Leadership and Why Telling Our Stories Matters
Last year when I first met with my publishing team at Advantage | ForbesBooks, I remember being told that as I began writing my book it would be best for me to keep in mind a certain demographic that I would be targeting through it. My first thought was that I never did that during nearly a decade in elected office or during a year hosting a daily call-in radio show, as I felt that any success I had in those endeavors was based on broad based appeal. After several months spent working on the book I had a conference call with my editor this past December when he made the observation that he felt the book would appeal to “a very wide variety of people.” Needless to say, this brought a huge smile to my face.
Last week the book I authored with the mindset of not targeting any certain demographic became an Amazon #1 Bestseller and the reception the book has received has been humbling to say the least. Prior to this happening I had remarked on many occasions how heartening it has been for me to witness the way the book’s connection with people has cut across all demographic lines. To know that my words about my experiences, both bad and good, and which helped shape me as a leader, are touching the lives of people from all walks of life and across generations is something I’m still trying to comprehend. From the start I had hoped the book could become a connection point that people with differing points of view and different backgrounds could have a conversation around; so far it seems as though its hitting the mark.
Several weeks ago, out of curiosity, I Googled my name and the title of the book just to see what was out there on the web. It was then that I learned that the University of Texas El Paso Student Engagement and Leadership Center (SELC) is using the book as a teaching tool through their “Powerful Reads” program. As my focus has always been to engage a new generation of leaders, I must admit that I was encouraged to see that this connection happened organically and was completely unsolicited.
In the future I hope to have the opportunity to engage with the UTEP SELC students and others from around the nation to discuss what true servant leadership looks like. Unfortunately, in today’s world leaders treating each other and those they serve with dignity, respect and simple kindness seems to no longer be the norm. Undoubtedly the next generation of leaders in our nation will play a critical role in helping to set a more civil tone. Engaging them, mentoring them and providing them case studies which show that success doesn’t have to mean compromising your character and integrity will be crucial to their leadership development.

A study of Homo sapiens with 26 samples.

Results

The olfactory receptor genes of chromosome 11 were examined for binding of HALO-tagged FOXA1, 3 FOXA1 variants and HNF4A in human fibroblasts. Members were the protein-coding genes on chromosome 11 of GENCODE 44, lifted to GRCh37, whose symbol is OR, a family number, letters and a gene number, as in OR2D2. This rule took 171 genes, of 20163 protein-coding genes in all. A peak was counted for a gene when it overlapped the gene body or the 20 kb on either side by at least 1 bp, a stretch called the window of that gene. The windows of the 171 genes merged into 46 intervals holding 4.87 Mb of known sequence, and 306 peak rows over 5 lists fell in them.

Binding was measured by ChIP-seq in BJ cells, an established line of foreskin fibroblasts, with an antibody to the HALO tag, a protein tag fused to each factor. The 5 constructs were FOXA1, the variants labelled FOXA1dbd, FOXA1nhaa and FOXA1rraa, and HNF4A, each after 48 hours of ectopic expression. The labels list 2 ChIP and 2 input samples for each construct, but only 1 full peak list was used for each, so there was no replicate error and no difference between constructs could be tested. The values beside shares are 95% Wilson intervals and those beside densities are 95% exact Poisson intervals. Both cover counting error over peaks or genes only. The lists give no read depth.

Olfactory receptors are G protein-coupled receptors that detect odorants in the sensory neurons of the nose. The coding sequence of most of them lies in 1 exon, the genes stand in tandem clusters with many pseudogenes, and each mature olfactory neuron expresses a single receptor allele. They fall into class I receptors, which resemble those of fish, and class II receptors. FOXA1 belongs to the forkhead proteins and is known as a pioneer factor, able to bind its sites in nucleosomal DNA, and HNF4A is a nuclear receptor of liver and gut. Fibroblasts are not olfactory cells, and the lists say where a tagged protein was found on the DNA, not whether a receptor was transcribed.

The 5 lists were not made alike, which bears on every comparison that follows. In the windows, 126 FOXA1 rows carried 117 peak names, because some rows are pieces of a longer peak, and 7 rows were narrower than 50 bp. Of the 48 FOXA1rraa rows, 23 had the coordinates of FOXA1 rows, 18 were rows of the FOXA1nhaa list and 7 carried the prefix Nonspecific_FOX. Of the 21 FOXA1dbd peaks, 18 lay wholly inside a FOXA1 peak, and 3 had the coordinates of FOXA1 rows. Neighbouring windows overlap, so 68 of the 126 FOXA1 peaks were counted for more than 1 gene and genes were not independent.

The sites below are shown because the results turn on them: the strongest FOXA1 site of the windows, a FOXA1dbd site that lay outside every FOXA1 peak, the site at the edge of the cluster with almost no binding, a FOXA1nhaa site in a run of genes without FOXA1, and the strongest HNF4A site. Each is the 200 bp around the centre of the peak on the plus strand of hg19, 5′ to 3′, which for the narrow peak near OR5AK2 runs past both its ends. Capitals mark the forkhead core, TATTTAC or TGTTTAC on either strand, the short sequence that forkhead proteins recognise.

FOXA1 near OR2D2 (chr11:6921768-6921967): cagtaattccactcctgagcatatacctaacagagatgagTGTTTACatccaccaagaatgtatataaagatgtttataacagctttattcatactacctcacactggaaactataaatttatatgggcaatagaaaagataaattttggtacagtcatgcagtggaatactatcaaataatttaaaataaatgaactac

Through this endeavor I’ve once again been reminded that all politics are local and that people gravitate to stories of hope and inspiration. Based on what we’re seeing these days politically at the national level, I don’t believe that engendering a sense of hope and inspiration would be exactly how I would describe the current scenario. However, there are still stories of hope and inspiration through what local governments are doing across this state and across this nation which need to be highlighted and used as teaching tools for our next generation of government leaders. I know that there are good people in elected office who put people before party because of organizations like the Georgia Municipal Association (GMA) are highlighting on a daily basis their positive efforts while also encouraging good government practices.
It is my firm belief that the work of GMA and local elected officials is now more important than ever. As I’ve highlighted in other columns, it was ultimately this organization giving me a platform through these monthly musings on leadership which allowed me the opportunity to write a book with a message of hope that is now impacting people and communities far beyond the borders of our state. I would like to personally thank GMA for this as well as all of the elected officials around the state whose tireless work of behalf of the communities you love and the citizens you serve continues to inspire me to this day.